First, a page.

CD Review: Bon Iver — Bon Iver; Play Cobb Energy Performing Arts Centre, July 28


Bon Iver
Bon Iver

By Al Kaufman

Most fans know the story by now. Justin Vernon, a sensitive (bearded, naturally) guy from Wisconsin holed himself up in a cabin in the woods with his guitar and wrote a painstakingly beautiful and intimate album about a break-up. He gave himself the moniker Bon Iver, a variation of the French bon hiver, which means “good winter.” For Emma, Forever Ago caught the ears of Kanye West, who asked Vernon to contribute his vocals from his song “Woods” to “Lost In the World.” A star was born.

Vernon has shed his solitary mountain man image on his self-titled second release. He incorporates his band fully into his new chamber pop style. The music here feels more like movements than individual songs, all feeding into one another. He has moved from folk to low-fi chamber pop, a sound that works just as well for conveying his most intimate thoughts and feelings.

Although Vernon’s lyrics are practically indecipherable, he seems to have an ongoing theme about about states and places (both actual and of the mind). Each song title is a place, either real or made-up (“Michicant” and “Hinnom, TX”). “Holocene” simply refers to the period on Earth since the Ice Age, of which the last major activity was the Wisconsin Glaciation, which greatly altered the landscape of North America. Here that event is a metaphor for possibly a break-up, but it’s hard to tell. Over a gentle melody, his layered vocals are sweet and soulful. As he utters lines like, “… and at once I knew I was not magnificent/Strayed above the highway aisle/Jagged vacance, thick with ice” it is obvious he is dealing with real pain in a way that only he can truly understand.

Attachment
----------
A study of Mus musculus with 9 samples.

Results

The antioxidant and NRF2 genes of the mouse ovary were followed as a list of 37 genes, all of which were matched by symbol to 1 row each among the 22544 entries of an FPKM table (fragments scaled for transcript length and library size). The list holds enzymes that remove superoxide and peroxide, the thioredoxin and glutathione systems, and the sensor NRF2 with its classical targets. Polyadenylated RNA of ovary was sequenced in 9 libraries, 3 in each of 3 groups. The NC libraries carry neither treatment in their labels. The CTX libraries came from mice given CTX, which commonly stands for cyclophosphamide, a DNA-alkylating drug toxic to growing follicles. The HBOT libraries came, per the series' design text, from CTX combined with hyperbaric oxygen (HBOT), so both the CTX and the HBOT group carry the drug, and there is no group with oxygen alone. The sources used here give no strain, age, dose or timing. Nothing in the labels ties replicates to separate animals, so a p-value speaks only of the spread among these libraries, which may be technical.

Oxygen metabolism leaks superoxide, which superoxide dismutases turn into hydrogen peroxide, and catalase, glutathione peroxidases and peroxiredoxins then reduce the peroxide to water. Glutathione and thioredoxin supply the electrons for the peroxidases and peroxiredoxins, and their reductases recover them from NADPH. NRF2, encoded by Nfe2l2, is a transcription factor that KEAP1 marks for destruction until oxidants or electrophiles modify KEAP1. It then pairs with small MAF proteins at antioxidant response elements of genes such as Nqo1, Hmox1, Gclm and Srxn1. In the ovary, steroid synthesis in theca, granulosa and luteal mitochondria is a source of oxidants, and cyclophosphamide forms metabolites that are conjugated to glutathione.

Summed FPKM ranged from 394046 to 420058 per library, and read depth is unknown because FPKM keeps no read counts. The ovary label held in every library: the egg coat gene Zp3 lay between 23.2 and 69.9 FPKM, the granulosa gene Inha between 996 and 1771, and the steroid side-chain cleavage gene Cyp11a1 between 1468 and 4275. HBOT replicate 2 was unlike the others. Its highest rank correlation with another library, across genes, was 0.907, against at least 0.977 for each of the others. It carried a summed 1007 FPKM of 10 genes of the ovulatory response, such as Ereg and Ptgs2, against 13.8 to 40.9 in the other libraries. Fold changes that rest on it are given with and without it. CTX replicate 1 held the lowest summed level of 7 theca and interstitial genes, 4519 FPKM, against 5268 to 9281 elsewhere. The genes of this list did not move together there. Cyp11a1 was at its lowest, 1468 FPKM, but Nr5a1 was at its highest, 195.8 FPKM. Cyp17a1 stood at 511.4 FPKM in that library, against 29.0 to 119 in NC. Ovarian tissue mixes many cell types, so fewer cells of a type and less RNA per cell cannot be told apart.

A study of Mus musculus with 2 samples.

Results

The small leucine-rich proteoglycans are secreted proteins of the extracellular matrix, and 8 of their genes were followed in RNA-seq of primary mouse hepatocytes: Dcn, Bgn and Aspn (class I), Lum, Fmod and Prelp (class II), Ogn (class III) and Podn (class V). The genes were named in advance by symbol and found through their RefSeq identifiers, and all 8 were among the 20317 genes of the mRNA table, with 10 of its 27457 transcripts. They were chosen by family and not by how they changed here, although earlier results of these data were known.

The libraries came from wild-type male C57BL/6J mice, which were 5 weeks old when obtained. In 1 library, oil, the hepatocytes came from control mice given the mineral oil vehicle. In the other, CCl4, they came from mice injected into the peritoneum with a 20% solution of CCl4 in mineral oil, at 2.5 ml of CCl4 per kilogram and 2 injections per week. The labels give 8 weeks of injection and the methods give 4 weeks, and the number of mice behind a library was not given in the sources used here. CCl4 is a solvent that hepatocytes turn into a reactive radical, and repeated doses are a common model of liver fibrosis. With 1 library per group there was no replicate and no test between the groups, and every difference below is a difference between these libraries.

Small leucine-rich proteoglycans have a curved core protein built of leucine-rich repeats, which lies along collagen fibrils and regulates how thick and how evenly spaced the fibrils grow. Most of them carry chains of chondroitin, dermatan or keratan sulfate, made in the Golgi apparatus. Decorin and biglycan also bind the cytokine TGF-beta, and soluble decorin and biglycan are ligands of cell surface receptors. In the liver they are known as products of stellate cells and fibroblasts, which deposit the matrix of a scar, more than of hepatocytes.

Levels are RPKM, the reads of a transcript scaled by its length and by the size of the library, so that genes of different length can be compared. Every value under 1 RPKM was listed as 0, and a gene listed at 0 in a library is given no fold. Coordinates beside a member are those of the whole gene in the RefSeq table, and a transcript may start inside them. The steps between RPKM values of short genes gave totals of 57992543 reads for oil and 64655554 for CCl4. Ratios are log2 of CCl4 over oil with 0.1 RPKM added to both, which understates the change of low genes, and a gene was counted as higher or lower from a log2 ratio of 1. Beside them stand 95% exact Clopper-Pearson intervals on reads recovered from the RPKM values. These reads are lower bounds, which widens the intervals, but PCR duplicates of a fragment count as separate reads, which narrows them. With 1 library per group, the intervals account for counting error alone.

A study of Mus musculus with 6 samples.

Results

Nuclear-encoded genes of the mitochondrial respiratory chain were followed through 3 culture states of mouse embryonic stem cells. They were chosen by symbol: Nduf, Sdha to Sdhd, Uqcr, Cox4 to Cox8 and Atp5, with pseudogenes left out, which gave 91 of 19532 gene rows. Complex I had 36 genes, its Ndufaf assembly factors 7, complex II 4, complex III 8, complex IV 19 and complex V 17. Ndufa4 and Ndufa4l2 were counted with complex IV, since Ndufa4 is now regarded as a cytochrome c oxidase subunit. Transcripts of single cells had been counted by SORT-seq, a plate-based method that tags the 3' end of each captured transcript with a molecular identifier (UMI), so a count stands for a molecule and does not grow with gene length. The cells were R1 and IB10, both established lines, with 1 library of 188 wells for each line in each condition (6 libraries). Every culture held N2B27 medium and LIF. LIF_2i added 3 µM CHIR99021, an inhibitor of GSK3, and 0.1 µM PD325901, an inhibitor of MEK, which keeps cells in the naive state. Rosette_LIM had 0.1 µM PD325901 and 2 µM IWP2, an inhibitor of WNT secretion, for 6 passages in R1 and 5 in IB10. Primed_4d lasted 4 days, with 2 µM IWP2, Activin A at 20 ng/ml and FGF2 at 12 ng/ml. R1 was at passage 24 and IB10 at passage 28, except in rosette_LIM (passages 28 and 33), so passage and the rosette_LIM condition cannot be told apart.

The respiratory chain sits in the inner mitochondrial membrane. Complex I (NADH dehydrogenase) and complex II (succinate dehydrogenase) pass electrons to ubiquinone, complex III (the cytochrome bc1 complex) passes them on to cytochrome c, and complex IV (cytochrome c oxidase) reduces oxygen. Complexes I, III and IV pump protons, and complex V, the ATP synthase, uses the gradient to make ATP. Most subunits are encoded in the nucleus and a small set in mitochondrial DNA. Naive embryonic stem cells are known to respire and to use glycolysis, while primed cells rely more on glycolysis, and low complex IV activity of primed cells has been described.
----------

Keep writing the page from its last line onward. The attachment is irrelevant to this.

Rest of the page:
Vernon’s vocals are the best instrument on the album. He clearly wears his beard on his sleeve. While at times he recalls Peter Gabriel in full ballad mode (most notably on “Michicant”), at other times he seems to effortlessly reach notes only a castrated cat could, yet does so with grace and style. It doesn’t matter if you can’t understand what he is saying, you know exactly how he feels.

Bon Iver play the Cobb Energy Performing Arts Centre on Thursday, July 28. The event is sold out.